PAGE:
This time last year, I was contemplating the predictions of Nostradamus, the possibility of a ‘barbeque summer’, and the hope that an Olympic ‘feel good factor’ would find its way onto the AMU. Longterm predictions are as tough for clinicians as they are for weathermen and 14th century apothecaries, but even looking a few days into the future can be difficult. In some ways it is the unpredictability of acute medicine which provides our biggest challenges: risk scores, early warning scores, and discharge prediction tools attempt to add some science to the subjectivity of clinical assessment. Every scientific meeting seems to feature a new biomarker, promising to eliminate uncertainty and improve accuracy, but probably opening a few cans of worms in the process. None of us has a crystal ball; recognising uncertainty – and communicating this to our patients – is a key skill which we all need to develop.

The challenge of delivering a high quality acute medicine service, 7 days a week, has been a major theme for 2012. Many readers will already have read the ‘Toolkit’ for delivery of a 7 day consultant service on the AMU, produced by the Royal College of Physicians (RCP) in association with SAM. This can be downloaded from the SAM website (www.acutemedicine.org.uk) along with the AMU Quality Standards which were released earlier in the summer. The article by Hannah Skene and David Ward on p205 complements these two documents, highlighting some of the practicalities in implementing quality standards across the 7 day week. This paper also comments on best ward round practice, a topic which has been the subject of some combined work by the RCP and Royal College of Nursing this year, and which provided the subject of the ‘best poster’, awarded to John Soon at this year’s SAM Autumn conference. The abstract from this presentation is included in the ‘selected abstracts’ article on p217.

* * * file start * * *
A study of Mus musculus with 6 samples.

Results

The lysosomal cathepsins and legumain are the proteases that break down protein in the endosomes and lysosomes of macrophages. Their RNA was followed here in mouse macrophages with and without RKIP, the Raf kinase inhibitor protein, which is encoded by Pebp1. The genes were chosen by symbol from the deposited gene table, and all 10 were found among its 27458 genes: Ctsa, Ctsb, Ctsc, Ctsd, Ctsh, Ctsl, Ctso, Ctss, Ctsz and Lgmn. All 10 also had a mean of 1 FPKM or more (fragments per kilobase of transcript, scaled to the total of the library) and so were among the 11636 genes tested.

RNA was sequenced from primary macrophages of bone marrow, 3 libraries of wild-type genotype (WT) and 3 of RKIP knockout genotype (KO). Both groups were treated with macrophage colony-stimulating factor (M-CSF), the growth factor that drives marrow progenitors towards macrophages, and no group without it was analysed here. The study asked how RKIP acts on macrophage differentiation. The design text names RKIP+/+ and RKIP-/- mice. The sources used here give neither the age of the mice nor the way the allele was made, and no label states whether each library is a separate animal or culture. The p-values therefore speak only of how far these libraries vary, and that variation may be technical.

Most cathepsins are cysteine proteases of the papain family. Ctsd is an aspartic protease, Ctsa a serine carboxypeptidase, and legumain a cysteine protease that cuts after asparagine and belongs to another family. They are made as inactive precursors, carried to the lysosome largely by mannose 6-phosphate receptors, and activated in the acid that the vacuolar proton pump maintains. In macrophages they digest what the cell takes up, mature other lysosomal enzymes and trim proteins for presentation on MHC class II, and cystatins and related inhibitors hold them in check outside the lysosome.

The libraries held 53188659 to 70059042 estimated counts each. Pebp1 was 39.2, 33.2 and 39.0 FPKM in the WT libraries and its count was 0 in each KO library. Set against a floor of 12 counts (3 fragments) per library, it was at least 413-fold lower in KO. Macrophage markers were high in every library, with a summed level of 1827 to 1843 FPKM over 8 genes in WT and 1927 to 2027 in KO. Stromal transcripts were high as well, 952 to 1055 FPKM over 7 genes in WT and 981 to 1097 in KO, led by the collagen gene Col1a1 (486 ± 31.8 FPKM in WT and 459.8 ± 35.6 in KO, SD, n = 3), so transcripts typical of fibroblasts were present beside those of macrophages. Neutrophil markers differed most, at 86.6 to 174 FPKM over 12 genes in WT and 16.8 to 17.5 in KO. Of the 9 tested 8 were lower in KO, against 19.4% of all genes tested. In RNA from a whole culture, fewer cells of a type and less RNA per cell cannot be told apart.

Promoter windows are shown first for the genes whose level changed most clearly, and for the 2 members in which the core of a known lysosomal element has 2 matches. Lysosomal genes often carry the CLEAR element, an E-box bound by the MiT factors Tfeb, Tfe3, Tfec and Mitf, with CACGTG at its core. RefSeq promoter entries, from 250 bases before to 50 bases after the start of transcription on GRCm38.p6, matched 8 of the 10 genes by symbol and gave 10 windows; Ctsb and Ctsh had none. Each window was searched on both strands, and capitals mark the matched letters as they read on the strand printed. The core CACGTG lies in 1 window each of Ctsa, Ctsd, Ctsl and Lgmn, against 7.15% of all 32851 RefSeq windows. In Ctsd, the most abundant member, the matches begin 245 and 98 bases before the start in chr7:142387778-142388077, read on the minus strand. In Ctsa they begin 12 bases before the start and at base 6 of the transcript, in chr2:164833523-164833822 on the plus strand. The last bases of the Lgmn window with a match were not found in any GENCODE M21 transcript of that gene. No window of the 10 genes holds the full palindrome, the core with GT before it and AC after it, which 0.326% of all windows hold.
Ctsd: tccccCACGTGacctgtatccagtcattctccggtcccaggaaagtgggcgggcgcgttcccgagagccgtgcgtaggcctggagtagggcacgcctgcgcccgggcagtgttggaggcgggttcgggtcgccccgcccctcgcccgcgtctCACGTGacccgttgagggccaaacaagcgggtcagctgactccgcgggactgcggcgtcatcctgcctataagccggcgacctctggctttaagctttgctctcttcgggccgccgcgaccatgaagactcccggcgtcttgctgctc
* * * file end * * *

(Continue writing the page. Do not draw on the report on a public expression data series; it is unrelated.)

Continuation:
During the summer I had the privilege to represent SAM at a reception organised by SepsisUK to co-incide with World Sepsis Day. The event featured some powerful, and moving talks from patients and relatives affected by sepsis, portraying the importance of early diagnosis and treatment for this devastating condition. Case reports in this journal over the past 10 years have demonstrated how often acute physicians are faced with atypical presentations of infection; this is particularly true for older patients as demonstrated in the cases on p 226. Ron Daniels’ ‘viewpoint’ article emphasises the important role which acute physicians have in recognising the signs of sepsis, ensuring early treatment and escalation to higher dependency areas where necessary. For patients who do not fall into any other clear cut speciality category during the first 48 hours of their hospital stay, acute physicians must provide the leadership and continuity of care which are essential in ensuring a good outcome.

January is a busy time on the AMU, so wishing you all a ‘Happy New Year’ may seem inappropriate to some readers. As I mentioned at the top of this editorial, my track record in prediction has not been good lately; however I hope it’s a fairly safe bet to suggest that – no matter how hard these next few weeks may get – the months which follow will probably be a whole lot easier!